Hall of Fame Coach Marv Levy: Redskins Name is 'Crude'
Marv Levy, who served as head coach of the NFL's Kansas City Chiefs and Buffalo Bills, taking the latter to four consecutive Super Bowls, spoke to Syracuse.com reporter Sean Kirst about the Redskins' team name.
Levy said that he "didn't believe when the nickname was given it was meant to be derogatory," but added that "it's a crude word to define a Native American, and I would think if Native Americans feel offended, it would make sense to change it."
Levy had been contacted by Kirst for a comment on the recent disagreement between Redskins owner Dan Snyder and officials from the Red Cloud Indian School on the Pine Ridge Indian Reservation. In a letter to Redskins season ticket holders that was published by the Washington Post, Snyder claimed that the school essentially endorsed the name and logo of the Washington team. "In 1971, our legendary coach, the late George Allen, consulted with the Red Cloud Athletic Fund located on the Pine Ridge Indian Reservation in South Dakota and designed our emblem on the Redskins helmets," Snyder wrote.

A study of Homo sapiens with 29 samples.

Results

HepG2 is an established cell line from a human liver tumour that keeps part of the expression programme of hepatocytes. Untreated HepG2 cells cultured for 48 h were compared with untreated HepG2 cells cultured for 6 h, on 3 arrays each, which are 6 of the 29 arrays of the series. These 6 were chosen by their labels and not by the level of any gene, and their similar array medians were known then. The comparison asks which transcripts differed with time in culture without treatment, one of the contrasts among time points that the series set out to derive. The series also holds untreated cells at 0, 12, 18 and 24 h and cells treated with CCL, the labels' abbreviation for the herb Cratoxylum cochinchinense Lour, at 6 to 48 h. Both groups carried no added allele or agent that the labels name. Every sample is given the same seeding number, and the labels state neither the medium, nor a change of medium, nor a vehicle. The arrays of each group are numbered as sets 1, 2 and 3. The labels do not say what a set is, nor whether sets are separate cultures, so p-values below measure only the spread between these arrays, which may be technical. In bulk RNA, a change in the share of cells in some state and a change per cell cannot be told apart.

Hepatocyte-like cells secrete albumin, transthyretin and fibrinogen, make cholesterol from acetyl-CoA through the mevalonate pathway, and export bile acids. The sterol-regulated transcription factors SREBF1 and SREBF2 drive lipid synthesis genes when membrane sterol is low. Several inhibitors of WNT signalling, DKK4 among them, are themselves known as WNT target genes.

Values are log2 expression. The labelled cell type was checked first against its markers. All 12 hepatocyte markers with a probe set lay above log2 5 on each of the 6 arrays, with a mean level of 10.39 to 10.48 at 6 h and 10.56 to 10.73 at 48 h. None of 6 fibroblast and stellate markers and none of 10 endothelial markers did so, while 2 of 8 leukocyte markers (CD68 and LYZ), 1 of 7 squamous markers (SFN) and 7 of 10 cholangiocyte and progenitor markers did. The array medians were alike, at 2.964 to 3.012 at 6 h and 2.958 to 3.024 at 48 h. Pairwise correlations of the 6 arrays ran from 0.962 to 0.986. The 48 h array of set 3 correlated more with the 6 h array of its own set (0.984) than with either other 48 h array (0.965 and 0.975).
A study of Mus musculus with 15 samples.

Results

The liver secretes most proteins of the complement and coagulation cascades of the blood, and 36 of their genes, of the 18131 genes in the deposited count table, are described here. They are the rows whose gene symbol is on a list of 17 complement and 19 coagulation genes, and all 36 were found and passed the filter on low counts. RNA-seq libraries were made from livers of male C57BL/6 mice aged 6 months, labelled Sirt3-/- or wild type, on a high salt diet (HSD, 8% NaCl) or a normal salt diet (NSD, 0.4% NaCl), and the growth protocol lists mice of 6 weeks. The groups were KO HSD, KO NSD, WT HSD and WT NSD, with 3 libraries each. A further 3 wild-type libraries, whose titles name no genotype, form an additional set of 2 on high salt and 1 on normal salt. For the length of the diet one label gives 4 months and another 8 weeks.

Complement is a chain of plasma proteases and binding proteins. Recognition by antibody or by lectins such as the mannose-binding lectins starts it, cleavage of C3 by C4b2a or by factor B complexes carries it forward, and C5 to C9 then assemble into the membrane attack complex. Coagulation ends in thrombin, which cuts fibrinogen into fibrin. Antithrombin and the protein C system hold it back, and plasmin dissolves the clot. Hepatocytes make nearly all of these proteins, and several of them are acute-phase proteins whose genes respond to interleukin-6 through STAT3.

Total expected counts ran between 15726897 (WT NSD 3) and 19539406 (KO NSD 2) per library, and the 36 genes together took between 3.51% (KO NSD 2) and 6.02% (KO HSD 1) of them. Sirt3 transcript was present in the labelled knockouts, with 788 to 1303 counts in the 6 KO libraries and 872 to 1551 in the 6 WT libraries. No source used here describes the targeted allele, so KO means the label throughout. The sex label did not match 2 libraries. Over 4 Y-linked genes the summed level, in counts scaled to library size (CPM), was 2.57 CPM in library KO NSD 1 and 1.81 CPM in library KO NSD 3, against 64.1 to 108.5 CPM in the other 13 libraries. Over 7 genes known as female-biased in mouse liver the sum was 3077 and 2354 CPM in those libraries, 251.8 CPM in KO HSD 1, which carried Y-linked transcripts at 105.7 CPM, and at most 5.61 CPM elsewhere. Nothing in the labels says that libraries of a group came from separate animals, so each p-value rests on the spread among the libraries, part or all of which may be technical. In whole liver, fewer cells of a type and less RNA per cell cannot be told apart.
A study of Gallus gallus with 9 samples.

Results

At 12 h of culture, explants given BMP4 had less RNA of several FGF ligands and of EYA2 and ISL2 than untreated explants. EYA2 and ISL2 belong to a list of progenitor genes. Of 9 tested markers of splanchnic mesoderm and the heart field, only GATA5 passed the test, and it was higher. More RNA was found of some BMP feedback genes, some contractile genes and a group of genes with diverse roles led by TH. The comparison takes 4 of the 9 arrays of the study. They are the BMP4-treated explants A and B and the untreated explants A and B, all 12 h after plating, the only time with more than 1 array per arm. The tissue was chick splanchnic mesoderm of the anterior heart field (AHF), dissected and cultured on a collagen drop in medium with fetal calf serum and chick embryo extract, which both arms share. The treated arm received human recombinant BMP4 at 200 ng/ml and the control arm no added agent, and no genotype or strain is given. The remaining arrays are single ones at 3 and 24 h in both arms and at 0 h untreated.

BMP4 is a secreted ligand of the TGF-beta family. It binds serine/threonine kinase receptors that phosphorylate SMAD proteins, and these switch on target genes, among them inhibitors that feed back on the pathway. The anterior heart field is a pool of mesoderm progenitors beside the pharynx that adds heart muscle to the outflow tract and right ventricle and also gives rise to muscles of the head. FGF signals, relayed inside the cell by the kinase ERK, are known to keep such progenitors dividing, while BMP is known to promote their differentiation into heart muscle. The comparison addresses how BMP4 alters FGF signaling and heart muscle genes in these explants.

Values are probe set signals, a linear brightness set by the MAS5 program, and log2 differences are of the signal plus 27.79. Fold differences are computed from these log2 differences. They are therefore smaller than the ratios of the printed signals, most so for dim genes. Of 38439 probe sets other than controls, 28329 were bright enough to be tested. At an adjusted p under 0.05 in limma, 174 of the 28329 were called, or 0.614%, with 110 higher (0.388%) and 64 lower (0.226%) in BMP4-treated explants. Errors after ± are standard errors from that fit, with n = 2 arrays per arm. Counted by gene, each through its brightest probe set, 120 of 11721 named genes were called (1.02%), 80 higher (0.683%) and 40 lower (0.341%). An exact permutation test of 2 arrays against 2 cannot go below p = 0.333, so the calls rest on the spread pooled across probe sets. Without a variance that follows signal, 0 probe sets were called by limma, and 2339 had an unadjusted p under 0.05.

The president and vice president of the school replied with a letter, also published in the Washington post, that stated "Red Cloud Indian School was not involved in conversations around an emblem for the Washington Redskins football team." The letter continues, "as an organization, Red Cloud Indian School has never—and will never—endorse the use of the name 'Redskins.' Like many Native American organizations across the country, members of our staff and extended community find the name offensive."